In this recent piece from his Lost Painting Series, following 1881 (2010) and 1923 (2010), the photorealist painter Taner Ceylan engages with the questions of history and Orientalism by creating yet another visual allegory. The mischievous gaze of the smoking Ottoman boy in 1881 and the homoerotic farewell scene in 1923 are followed this time by an ingenious montage of Pascal Sébah's photograph from the 1880s and Gustave Courbet's L'Origine du monde (The Origin of the World, 1866).
In this intricately crafted oil painting, Ceylan juxtaposes different yet related histories of artistic style and connoisseurship to trigger a rethinking of Orientalism, femininity, the veil and the gaze. Recovering and drawing together forgotten legacies and silenced voices in a brilliantly imagined new setting, Ceylan invites the viewer to look behind the veil of Orientalism and the politics of representation. Rather than offering a corrective, the artist amalgamates irony, playfulness and realism to recast Orientalism as heterogeneous and susceptible to negotiation, contestation and even subversion.
Standing in front of L'Origine du monde, a now well-renowned oil on canvas painted by the French artist Gustave Courbet in 1866, the veiled lady wearing a transparent white yashmak and a wrapper (ferace) embellished by a rather elegant stole is actually reproduced from an albumen photograph, which Ceylan relocates within his own painting. The photograph entitled Dame turque voilée (Veiled Turkish Lady) was taken by Pascal Sébah (1823-1886), the nineteenth-century Ottoman pioneer of photography, who photographed models for Osman Hamdi Bey's ambivalently Orientalist paintings, as well as for the photographic album of traditional Ottoman dress entitled the Elbise-i Osmaniyye: Les costumes populaires de la Turquie en 1873. Sébah was also well-known for his depictions of order, prosperity and progress within a framework of Ottoman modernity as a unique, indigenous project.
Ceylan's intriguingly novel setting in which the veiled Ottoman lady poses in front of Courbet's blatantly realistic depiction of female genitalia further unsettles the politics of representation if one remembers the often neglected fact that it was Khalil Bey (1831-1879), the Egypt-born Ottoman diplomat and art collector, who commissioned from Courbet L'Origine du monde. The art historian Francis Haskell has shown that Khalil Bey, from the perspective of his French contemporaries, was no more than a profligate and frivolous art collector, "a prince from an Oriental tale...who remained Turkish through his lavish generosity and taste for women and gambling, but became Parisian through his wit, his elegance, his love of the theatre and the arts..." (Francis Haskell, "A Turk and His Pictures in Nineteenth-Century Paris", in: Oxford Art Journal, Vol. 5:1, 1982, p. 41) Khalil Bey's collection of more than a hundred paintings included such confrontationally realist works like L'Origine du monde and Les Dormeuses (The Sleepers), as well as a considerable number of works by those French painters (Chassériau, Marilhat, Gérôme, Ingres and Delacroix) who painted 'Oriental' subjects.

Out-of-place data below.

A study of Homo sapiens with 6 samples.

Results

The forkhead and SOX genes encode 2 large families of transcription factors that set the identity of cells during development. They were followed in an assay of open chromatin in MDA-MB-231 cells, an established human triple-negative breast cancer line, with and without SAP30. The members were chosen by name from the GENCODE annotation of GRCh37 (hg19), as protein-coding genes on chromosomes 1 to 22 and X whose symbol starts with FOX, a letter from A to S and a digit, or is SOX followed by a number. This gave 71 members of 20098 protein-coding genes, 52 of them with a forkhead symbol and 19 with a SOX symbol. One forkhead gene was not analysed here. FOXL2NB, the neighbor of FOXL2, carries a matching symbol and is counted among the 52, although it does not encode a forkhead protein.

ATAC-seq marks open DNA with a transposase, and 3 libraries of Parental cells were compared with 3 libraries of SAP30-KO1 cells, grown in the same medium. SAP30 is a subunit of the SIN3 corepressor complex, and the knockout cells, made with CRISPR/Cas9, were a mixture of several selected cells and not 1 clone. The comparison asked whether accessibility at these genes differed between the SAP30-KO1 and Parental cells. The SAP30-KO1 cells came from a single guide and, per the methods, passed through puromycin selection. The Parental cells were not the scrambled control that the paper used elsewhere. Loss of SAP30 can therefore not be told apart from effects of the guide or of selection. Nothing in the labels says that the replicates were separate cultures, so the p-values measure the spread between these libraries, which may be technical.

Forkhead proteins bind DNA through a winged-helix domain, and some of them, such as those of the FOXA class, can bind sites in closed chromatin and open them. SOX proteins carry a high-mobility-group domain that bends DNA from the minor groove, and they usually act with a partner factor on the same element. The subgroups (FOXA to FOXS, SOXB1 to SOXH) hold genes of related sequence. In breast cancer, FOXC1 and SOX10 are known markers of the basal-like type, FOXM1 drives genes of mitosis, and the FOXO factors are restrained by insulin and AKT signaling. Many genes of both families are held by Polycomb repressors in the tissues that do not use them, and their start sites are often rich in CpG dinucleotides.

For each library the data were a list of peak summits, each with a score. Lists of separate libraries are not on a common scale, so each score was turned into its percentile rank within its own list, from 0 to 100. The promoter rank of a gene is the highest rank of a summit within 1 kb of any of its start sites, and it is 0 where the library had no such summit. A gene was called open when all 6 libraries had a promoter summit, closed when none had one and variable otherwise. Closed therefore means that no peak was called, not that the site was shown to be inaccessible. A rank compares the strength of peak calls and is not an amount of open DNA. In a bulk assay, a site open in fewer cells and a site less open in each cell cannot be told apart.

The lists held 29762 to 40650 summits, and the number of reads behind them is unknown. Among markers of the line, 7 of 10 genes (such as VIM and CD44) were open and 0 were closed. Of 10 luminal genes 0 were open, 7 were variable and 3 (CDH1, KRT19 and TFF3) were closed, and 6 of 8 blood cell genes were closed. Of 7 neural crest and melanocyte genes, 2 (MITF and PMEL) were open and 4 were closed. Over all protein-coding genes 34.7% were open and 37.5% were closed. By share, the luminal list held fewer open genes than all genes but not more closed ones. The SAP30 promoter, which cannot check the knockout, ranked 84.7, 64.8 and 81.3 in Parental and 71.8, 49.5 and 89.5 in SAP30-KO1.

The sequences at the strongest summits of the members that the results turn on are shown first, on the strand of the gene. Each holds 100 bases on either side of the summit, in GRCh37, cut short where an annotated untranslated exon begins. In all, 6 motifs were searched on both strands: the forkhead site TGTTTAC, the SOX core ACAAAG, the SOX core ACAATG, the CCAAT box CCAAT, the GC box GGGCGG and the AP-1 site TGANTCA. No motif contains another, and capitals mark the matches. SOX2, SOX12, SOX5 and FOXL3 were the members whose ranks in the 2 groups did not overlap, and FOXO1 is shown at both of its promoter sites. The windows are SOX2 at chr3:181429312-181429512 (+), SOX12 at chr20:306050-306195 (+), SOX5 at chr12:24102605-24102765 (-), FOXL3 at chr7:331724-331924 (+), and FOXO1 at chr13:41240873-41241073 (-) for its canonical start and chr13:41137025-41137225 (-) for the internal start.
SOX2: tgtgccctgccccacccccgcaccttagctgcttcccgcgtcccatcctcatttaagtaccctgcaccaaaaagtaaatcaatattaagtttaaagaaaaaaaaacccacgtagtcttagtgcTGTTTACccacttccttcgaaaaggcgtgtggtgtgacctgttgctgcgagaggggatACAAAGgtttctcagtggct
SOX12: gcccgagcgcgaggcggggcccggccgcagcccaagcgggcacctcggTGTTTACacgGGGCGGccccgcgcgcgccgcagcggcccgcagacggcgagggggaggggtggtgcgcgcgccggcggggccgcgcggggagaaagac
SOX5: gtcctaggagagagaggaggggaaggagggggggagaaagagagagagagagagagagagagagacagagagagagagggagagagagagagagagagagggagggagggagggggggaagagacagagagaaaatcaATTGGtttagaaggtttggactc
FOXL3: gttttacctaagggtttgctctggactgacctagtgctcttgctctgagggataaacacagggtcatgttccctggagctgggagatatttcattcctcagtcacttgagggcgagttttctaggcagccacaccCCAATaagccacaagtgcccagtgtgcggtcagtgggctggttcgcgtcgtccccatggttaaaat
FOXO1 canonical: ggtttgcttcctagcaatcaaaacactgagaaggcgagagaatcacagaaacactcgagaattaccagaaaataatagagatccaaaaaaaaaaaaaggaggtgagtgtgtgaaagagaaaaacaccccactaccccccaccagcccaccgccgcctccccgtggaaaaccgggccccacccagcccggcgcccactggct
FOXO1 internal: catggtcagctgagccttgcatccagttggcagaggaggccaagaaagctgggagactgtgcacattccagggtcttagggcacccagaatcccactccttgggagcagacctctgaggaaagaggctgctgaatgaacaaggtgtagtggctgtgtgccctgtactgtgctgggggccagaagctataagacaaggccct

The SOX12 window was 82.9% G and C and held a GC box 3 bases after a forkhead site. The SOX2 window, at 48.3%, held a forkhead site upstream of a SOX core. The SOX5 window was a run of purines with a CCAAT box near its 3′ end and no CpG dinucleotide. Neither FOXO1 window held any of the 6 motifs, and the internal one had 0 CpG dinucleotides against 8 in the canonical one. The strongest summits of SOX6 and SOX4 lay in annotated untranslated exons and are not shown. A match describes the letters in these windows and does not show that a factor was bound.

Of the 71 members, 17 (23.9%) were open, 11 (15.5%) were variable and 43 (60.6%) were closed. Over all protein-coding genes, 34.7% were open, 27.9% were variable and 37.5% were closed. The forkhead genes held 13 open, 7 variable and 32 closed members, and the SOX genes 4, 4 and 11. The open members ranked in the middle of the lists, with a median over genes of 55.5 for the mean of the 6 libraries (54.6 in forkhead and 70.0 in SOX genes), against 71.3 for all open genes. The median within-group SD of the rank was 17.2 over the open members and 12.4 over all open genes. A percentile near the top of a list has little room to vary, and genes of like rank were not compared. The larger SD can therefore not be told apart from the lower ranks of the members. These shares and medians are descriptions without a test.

Revisiting Khalil Bey's complex legacy, Taner Ceylan presents a seemingly stark contrast between the two female embodiments on canvas without necessarily reproducing a rigid gendered distinction between the East and the West. In doing so, he challenges the representational status of the two bodies, as well as of the Orient and the Occident, by invoking the very multiplicity of desire in terms of both artistic gaze and taste in art patronage.
The painterly rigour and eroticism in Ceylan's art-practice have hitherto drawn on many contemporary figures of inspiration not necessarily limited to photorealists and hyperrealists. The baroque art of Caravaggio, the portraiture of Robert Mapplethorpe and Nan Goldin, and the intermedial artistic practice of David Hockney can easily be addressed in appreciating the artist's engagement with photographic embodiment. Ceylan treats the medium as tableau vivant: he creates a fiction, documents it as an actual photographic image and translates that fictive document onto canvas. Compared to his early homoerotic works, however, precision and mimicry in Ceylan's paintings gain a further dramatic meaning in the present work. Reframing Sébah and Courbet in such a peculiar mise-en-scène, the artist designs a new photograph and speculates on its documentary status as historical evidence. Thus, Taner Ceylan's brilliant masterpiece enacts an imagined photograph which could have been possibly taken but has never been.
This catalogue note is written by Cuneyt Cakırlar (University College London) and Serkan Delice (University of the Arts London).